Following the selection of Michael Steele as chairman of the Republican National Committee, commentator Leslie Sanchez pondered whether the two political parties would be able to look beyond the stereotypes of Latinos as they vie to attract them.
Last year, Sanchez authored "Los Republicanos: Why Hispanics and Republicans Need Each Other," a book that drew media attention but apparently changed few minds within the party.
Her question is elemental. Hispanics, stereotypes aside, can be rich and poor, entrepreneurial and the jobless, colonial pioneers and yesterday's arrivals. Willingness to hold together as a community is a strength that registered in last November's presidential election.
Despite chatter to the contrary, the hard historical truth is Hispanics align roughly two-thirds Democratic and one-third Republican. There are exceptions, of course, and John McCain's 31 percent of the Latino vote in November was close to the mark.
Sanchez recognizes Republicans must win at least 35 percent of the Hispanic vote to remain viable in future presidential races. Like many Republicans since the 1970s, she concentrates on the affinity with entrepreneurs, the middle class, and the upwardly mobile as the best recruits.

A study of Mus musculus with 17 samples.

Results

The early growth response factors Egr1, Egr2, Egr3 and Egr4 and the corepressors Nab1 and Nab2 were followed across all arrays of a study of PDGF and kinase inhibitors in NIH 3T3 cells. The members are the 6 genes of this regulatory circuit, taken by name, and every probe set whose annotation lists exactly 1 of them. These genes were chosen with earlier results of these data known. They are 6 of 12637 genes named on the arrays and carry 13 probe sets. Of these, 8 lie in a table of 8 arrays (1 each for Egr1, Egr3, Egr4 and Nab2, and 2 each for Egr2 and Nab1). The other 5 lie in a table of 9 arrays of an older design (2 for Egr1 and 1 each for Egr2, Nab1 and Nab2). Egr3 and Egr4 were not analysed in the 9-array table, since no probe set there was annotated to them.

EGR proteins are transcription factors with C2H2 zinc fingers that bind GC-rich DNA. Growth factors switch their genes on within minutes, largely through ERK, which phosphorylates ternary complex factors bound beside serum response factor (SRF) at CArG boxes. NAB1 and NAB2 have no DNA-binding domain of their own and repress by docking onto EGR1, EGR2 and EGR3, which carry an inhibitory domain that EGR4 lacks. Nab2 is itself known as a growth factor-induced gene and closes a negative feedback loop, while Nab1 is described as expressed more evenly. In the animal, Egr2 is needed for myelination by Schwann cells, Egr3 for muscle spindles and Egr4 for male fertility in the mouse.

The problem with classism like that is it drives a wedge among Latinos as a community of interests. This approach was most recently rejected as Latinos of differing income levels and professional strata were slapped in the face with the reality that hateful anti-immigrant talk really does brush-paint their own families. Many who thought they were accepted into the middle and upper-class milieu discovered they were still perceived as outsiders. Brought into question is whether it's possible to be a respectable Republican and a Latino as well.
By allowing anti-immigrant radicals to run amok, divide-and-conquer class politics is played out while the party preaches there is room for everybody. Lost are the shared interests of fair chance, good schools, democratic representation and the like. No party has a patent on such values.
The challenge before Chairman Steele isn't how to entice a Latino constituency to the existing Republican Party but how to prove to Hispanics the party is capable of change and worthy of their participation.
The Republican dilemma is that without Latinos, the party doesn't stand a chance in any near-term presidential election, and it will increasingly lose statewide races in new Democratic territory such as Nevada, New Mexico, Florida, Virginia and North Carolina. The usual Republican electorate is not growing, while the Latino population is.